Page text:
When I Grow Up. . .

21 Feb

A round of giggles shot through the public library. Slightly annoyed, I look up from my laptop, like a librarian glaring over her glasses’ rim. The culprits? One gangly girl, three rowdy boys and a wiry guy in his late 20s sitting at a nearby table.

A curious bunch indeed.


“Okay, so what do you want to be when you grow up?” the man inquired as the kids simmer and begin wildly scribbling away in their lined notebook pages. I later learn they are practicing essay composition—in preparation for an exam that will allow these elementary schoolers to escape the horrors of public education for private school.

The tutees go around the table and reveal their respective responses. The girl yearns to be a lawyer. One boy wants to be businessman. Another specifically seeks to be an entrepreneur. As these three debated how many figures each can expect, the last respondent announces his desire to become a sports broadcaster. The selection quiets the table as the boy lists his gift of gab and adoration of sports figures to explain his choice. “It’s not a six-figure income, but hey, money is money, right?” he asks with no reply.

The tutor sighs dramatically. “I’m sad that none of you said you want to become a teacher, like me,” he states. A long awkward silence follows as the children glance amongst themselves. Suddenly, laughter spills from one child to the next. Between chuckles, the boldest pupil replies, “Sorry. Not enough money.”

What do you want to be when you grow up?

A job is a central part of human identity.

Hi. My name is LaShonda and I am a __________________.


Hi. I’m LaShonda, the ___________________.

The word that fills that blank determines whether you are the center of the social circle or its leper.

The weight of this decision becomes sombering with age, resulting in general shifts from frivolous to the secure: In other words, goodbye, ballet dancer. Hello, doctor.

Most of us become so fearful of failure that our passions and dreams become collateral.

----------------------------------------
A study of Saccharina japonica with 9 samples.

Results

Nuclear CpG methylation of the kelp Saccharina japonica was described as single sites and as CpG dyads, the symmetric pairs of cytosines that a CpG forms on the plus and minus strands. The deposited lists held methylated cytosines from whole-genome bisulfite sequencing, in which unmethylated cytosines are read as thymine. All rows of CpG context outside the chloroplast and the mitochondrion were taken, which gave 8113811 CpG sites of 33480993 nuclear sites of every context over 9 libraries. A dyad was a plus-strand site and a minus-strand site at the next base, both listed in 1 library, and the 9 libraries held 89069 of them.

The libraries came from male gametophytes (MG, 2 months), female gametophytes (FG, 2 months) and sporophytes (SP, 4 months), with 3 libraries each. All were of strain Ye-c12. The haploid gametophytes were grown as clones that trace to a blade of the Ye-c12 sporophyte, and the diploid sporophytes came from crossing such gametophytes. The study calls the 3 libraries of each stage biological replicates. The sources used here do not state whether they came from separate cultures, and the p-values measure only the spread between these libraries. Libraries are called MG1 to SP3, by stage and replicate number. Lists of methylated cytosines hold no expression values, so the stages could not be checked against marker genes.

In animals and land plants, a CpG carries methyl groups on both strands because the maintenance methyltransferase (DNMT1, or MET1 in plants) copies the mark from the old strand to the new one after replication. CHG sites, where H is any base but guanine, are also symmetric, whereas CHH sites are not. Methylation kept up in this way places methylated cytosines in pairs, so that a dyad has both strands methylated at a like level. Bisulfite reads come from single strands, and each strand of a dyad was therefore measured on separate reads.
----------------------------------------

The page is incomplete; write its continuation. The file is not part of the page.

But what is the price of security?

 An artist.

I believe that was my earliest response to the timeless question: I loved to draw. My father was an art teacher.

But as I grew older, I realized that life as a starving artist was hardly glamorous. So I sought an alternative. Well, I hated the sight of blood, avoided arguments at all costs, and refused to follow my parents into the teacherhood. All of the world is business, I reasoned. And all the people are either sellers or buyers. I figured if I understood its principles, I could apply them to any profession. In other words, pursuing a business undergrad bought me extra time.

Now, my Bachelor’s degree collects dust on my mantel. I know I can always fall back on it. But I’ve also realized the importance of chasing my dreams. When they die, a part of us is buried along with them.

When I grow up, I want to live a life that is worthy of memory, a life that positively affects those in my local and global community.

Grandiose goals perhaps, but undoubtedly worth the effort.




2 Responses to “When I Grow Up. . .”

  1. Minecraft Guide March 11, 2011 at 9:49 pm #

    It’s interesting to see this point of view. I can’t say fore sure if I agree or not, but it is something I will think about now.


  2. Dienna February 5, 2012 at 4:50 pm #

    That’s another issue that comes up when pursuing a career—the conflict of doing something that is your passion but that not providing a proper standard of living, or doing something that makes you miserable only because it pays the bills. If only there were a balance. And it’s sad that those kids were obsessed with making $big money$ that young.

    And yes, too many people define themselves by what they do. During my period of unemployment, people would not take “I’m unemployed” as an answer and move on to something else. I remember one person asking “so what did you use to do before you lost your job?” It’s insane. Talking about jobs is boring. Is this what adulthood has come down to, that you can only be considered an adult if you have a certain job?! Oy.